Controlling ourselves to death

Pastor Matthew Best
4 min readDec 28, 2018


But the serpent said to the woman, ‘You will not die; for God knows that when you eat of it your eyes will be opened, and you will be like God, knowing good and evil.’ So when the woman saw that the tree was good for food, and that it was a delight to the eyes, and that the tree was to be desired to make one wise, she took of its fruit and ate; and she also gave some to her husband, who was with her, and he ate. Then the eyes of both were opened, and they knew that they were naked; and they sewed fig leaves together and made loincloths for themselves.

(Source — Genesis 3:4–7, NRSV)

What the serpent offered Eve was tempting. It wasn’t the apple, but what the apple represented. It is the same offer we receive today and have throughout all of human history — to be like God.

To be in control.

Oh how we desire to be in control. Yet, in reality, we aren’t and we never have been.

Why this desire of being in control? Why is this desire to strong in us?

The desire to be in control has led to mean tyrants being in power, wars, death, destruction, abuse, subjugation. The desire to be in control is paired with someone not being in control, but rather being controlled. It is necessary. You can’t be in control, unless you can control something or someone. Otherwise it isn’t in control.

And the lie the serpent told Eve is the same lie we hear today in so many ways. It’s the lie that by being in control, we’ll be just like God. Except we aren’t just like God. Just because you can do something, doesn’t mean you should. Even God doesn’t wield control like a weapon. If God is love, then we have to take a look at what love is like.

Love is patient; love is kind; love is not envious or boastful or arrogant or rude. It does not insist on its own way; it is not irritable or resentful; it does not rejoice in wrongdoing, but rejoices in the truth. It bears all things, believes all things, hopes all things, endures all things. Love never ends.

(Source 1 Corinthians 13:4–8, NRSV)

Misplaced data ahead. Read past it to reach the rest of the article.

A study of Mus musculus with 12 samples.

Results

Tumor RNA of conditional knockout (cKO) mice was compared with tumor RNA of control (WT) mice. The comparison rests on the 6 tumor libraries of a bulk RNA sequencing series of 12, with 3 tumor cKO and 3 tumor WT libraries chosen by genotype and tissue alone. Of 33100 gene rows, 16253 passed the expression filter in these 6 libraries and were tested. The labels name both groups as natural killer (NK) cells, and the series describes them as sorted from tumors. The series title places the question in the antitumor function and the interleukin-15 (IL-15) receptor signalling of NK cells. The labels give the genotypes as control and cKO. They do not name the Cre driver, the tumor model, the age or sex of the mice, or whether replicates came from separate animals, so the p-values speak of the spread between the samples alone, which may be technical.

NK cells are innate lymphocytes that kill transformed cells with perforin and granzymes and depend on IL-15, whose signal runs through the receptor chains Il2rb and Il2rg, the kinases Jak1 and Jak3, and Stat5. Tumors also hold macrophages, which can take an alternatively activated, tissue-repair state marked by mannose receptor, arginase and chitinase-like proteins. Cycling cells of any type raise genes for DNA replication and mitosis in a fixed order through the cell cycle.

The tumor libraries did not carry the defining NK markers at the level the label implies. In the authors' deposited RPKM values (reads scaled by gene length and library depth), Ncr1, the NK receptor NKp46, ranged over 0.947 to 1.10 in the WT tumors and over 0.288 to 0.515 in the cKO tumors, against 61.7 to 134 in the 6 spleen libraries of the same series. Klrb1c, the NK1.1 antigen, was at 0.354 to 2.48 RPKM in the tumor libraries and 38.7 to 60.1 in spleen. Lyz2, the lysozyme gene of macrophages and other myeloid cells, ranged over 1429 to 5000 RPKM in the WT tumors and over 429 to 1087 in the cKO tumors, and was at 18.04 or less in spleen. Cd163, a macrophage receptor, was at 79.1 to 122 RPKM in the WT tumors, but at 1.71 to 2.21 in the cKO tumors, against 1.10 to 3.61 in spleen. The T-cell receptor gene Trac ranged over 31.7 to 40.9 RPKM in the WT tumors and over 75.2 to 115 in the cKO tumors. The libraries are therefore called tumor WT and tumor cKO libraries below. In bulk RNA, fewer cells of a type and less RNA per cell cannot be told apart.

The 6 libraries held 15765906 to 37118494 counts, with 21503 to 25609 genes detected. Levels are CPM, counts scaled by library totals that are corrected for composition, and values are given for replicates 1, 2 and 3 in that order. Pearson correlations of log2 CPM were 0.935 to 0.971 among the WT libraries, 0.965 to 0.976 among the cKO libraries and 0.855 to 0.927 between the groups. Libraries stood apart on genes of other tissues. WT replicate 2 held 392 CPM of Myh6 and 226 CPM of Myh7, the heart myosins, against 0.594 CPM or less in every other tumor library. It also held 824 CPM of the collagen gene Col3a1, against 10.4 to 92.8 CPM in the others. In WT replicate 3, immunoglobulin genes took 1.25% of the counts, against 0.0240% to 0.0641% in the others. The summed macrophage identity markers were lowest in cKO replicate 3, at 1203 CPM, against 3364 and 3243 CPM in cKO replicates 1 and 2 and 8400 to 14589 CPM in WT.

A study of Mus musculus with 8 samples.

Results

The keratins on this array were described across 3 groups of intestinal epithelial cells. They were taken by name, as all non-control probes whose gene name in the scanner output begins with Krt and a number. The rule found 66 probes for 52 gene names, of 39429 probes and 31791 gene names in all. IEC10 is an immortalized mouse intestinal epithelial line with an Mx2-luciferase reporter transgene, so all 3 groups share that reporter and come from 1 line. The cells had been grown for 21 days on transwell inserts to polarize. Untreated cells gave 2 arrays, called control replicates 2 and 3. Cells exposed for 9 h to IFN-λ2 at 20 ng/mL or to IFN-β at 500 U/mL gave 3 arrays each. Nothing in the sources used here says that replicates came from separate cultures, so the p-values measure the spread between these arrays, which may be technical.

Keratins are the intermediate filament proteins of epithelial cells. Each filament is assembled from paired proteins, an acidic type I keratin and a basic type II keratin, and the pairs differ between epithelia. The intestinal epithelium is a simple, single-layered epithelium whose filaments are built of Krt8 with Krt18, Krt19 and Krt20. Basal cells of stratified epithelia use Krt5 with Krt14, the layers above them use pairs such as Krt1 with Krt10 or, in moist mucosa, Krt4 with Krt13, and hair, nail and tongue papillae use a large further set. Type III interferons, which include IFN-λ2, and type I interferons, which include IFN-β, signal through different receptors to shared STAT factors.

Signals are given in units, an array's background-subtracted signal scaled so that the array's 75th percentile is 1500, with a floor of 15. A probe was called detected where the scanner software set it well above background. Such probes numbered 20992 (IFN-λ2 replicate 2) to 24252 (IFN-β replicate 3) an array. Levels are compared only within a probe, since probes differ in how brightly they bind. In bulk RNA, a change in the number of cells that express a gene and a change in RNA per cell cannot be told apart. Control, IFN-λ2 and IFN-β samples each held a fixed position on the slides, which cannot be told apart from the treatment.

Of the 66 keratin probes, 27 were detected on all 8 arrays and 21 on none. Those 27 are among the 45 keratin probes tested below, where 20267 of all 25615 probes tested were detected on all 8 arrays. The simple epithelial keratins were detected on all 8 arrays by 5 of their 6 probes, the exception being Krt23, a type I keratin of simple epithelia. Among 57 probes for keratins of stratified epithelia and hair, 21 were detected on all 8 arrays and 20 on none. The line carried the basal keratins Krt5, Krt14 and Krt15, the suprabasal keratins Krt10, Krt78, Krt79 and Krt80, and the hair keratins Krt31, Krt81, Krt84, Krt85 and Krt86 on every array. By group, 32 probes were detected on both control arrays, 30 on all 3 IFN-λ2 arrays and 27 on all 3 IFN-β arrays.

No where in that passage do we see that love is forceful and demanding. It is invitational. God is just like this too. God desires us to be in relationship with God, but God doesn’t force that on us. That wouldn’t be the way of love.

The way of love and the way of control are in conflict with each other. Love is about self-giving. Control is about selfishness and doing what I want to do when I want to do it.

I have seen this play out over and over again. I have seen it with the addict — the one who tries to control their situation and thinks they have control over their addiction. Yet, it is this tight hold of control that keeps them addicted and moving towards destruction. I have seen it with the homeless person — the one who tried to control their situation and thinks they have control over their housing situation. Yet, it is this tight hold of control that keeps them homeless and moving towards destruction.

The same could be said of people who are wildly successful, according to the world, but in reality are a mess.

People who try to control their lives usually make matters worse. They often tend to try to exert even more control — which is the worst thing they could do.

It is only in letting go of the lie of control, that life starts to improve for many. Take any 12 step program and see what is usually the first step. For Alcoholics Anonymous the first step is stated as: We admit we were powerless over alcohol — that our lives have become unmanageable.

It’s not just the addict that should be saying this. Rather, every single one of us should say this every day.

You can’t help someone who tries to remain in control. You literally can’t do anything helpful for that person. Doing exactly what they want isn’t really helpful. For some people, the only way for them to let go is to hit rock bottom.

And that is where you come in. To be there for someone. When they are ready. When they are ready to let go of control and actually receive help. When they can admit that their way isn’t working. It is only then that they can be helped.

Do I wish it was some other way? Sure. But really, all I would be wishing for would be control over other people. And I don’t wish for that. Remember, Love is patient. It does not insist on its own way. Love never ends. Control does.

Originally published at on December 28, 2018.



Pastor Matthew Best

My name is Matthew Best. I’m an ELCA (Lutheran) pastor who attempts to translate church and churchy stuff into everyday language.